Reviewed at the 2010 Sundance Film Festival.
Restrepo is a soldier, Juan “Doc” Restrepo, big personality, good with a guitar, died early on in the Second Platoon, Battle Company’s 15-month tour in Afghanistan’s Korengal Valley, bleeding out from a gunshot wound while in the helicopter taking him toward medical help, leaving behind a flicker of self-shot video from the week before deployment. “Restrepo,” the documentary installment of the segmented Sundance 2010 opening night, gets its title from him, but also from the scraggly bunker the platoon builds deeper into insurgent territory — Outpost Restrepo, named in honor of their fallen friend.
Restrepo isn’t the first or last member of the Second Platoon to be killed over the course of the year that journalist Sebastian Junger and photographer Tim Hetherington (who share co-director credit on the film) spent embedded with them. Stationed in a remote and incredibly dangerous area, the unit struggles with the seemingly insurmountable task of overseeing the building of a road through the valley with the help of locals, who are less than inclined to lend their support because of the previous captain’s tendency to kill off the uninvolved along with the insurgents.
But mostly they seem to be there to get shot at, and to shoot back, especially the dozen-plus men at Outpost Restrepo, who are under constant fire. “Restrepo” is partially about how danger becomes normalized — while death is always lurking for these men, they still end up goofing off, roughhousing, singing. In one shot, a soldier climbs on top of a massive machine gun to perform some kind of maintenance check while carrying on a conversation over walkie-talkie with a colleague about the type of ranch he grew up on.
Junger and Hetherington shot the film themselves, and have some spectacular combat footage that’s almost difficult to wrap your head around — the handheld camera, the whip pans to action that’s already going on, the sense of adrenaline-addled disorientation has become the cinematic language of modern war, and when the film dumps you directly into an encounter with an IED, it takes work to remind yourself that it’s not, in fact, “The Hurt Locker,” and that the bullets peppering the ground at the feet of the man you’re watching would take at least a few toes off if they connected.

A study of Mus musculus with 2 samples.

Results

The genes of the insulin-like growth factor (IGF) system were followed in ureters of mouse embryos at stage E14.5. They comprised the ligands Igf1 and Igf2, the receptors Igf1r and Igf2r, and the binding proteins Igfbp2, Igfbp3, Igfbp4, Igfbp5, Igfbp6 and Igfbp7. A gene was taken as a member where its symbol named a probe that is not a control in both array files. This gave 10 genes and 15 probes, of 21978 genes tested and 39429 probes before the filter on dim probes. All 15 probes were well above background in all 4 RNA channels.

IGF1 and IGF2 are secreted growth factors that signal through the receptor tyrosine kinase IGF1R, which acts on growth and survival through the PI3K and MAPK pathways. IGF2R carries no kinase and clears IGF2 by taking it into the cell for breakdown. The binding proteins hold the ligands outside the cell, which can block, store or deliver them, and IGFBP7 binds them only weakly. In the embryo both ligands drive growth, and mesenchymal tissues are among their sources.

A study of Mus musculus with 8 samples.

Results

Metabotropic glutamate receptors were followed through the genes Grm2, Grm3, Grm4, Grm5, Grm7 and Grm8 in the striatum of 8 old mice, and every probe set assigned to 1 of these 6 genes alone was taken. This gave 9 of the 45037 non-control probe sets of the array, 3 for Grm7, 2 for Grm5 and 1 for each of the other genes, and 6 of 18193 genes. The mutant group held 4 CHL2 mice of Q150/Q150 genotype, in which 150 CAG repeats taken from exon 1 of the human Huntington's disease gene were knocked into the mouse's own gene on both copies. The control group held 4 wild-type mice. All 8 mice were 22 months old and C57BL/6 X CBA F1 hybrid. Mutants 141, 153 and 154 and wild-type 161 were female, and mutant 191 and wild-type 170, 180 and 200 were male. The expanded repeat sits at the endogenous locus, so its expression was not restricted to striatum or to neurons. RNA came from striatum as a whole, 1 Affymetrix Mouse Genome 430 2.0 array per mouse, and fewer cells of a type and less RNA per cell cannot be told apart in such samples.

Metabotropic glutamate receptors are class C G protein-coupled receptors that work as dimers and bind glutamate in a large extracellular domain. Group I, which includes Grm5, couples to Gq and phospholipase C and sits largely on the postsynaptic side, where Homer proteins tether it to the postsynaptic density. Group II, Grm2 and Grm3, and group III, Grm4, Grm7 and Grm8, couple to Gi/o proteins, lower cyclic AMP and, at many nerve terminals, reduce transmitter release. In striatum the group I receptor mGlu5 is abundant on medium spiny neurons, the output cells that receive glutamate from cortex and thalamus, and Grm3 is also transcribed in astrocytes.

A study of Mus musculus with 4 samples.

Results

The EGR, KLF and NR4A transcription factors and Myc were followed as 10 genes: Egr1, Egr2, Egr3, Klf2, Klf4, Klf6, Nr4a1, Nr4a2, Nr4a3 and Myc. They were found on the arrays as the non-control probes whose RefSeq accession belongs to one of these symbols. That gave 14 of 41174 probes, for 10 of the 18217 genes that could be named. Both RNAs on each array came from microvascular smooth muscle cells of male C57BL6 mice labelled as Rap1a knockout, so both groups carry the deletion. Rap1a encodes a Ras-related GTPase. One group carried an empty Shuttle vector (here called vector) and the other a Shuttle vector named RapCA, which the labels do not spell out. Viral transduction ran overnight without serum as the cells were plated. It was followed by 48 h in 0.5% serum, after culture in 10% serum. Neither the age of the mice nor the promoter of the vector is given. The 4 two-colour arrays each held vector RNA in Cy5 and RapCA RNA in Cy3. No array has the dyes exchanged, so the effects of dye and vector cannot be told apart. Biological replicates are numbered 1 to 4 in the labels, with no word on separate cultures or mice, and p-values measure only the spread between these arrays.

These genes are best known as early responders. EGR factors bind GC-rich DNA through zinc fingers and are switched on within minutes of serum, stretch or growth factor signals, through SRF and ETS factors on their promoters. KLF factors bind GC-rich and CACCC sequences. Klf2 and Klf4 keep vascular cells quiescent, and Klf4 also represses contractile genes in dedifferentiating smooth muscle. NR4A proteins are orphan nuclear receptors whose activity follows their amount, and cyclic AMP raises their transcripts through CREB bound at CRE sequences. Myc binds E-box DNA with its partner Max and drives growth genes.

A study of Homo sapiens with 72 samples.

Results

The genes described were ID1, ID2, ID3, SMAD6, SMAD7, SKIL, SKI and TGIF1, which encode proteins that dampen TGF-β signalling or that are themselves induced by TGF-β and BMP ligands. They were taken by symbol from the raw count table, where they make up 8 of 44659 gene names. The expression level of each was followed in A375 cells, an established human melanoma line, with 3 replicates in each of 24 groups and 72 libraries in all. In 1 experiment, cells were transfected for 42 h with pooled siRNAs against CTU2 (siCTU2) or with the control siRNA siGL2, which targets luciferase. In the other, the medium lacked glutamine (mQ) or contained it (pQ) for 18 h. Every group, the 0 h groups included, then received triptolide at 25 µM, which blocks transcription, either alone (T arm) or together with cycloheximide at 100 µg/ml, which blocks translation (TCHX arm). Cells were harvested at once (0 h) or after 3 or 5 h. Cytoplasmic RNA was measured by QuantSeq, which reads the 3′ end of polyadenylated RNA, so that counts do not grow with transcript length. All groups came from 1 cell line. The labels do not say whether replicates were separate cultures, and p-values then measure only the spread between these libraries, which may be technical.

Pointing out that “Restrepo” is a nonfiction companion to “The Hurt Locker” is unavoidable — there are direct echoes in the way the men interact, in the generally apolitical tone, in the microfocus and structuring around timeframe instead of narrative arc, in the observation made by one man that getting shot at is an incomparable high. But I was also reminded of Kimberly Peirce’s muddier, emotionally anguished “Stop-Loss,” in terms of the tenderness with which the soldiers are treated, and in the portrayal of their sense of brotherhood. The film peppers footage taken during the year with more intimate interviews with some of them afterward, boys with baby faces and tough-guy tattoos who alternate between looking world-weary and painfully young. That tenderness, I think, is partially a natural outgrowth of being embedded, and part of the reason embedding exists. How can you live with a group of people, unified under the threat of constant danger, without feeling like you’re invested, one of them, part of the team?
It’s not a complaint, more an observation — there were times when I wondered if the film was being particularly gentle with its subjects, who all come across as very nice boys; who are, for the most part, free of virulent racism; and who might come to hate the assignment, but who never regret serving their country.
That would also account for what I found to be the film’s only major misstep, a series of comic bits that play over the credits, and that come across as, well, outtakes. This isn’t a Jackie Chan movie, and sending the audience away laughing isn’t a sentiment that at all seems to fit this otherwise artful, excellent doc.
“Restrepo” does not yet have U.S. distribution.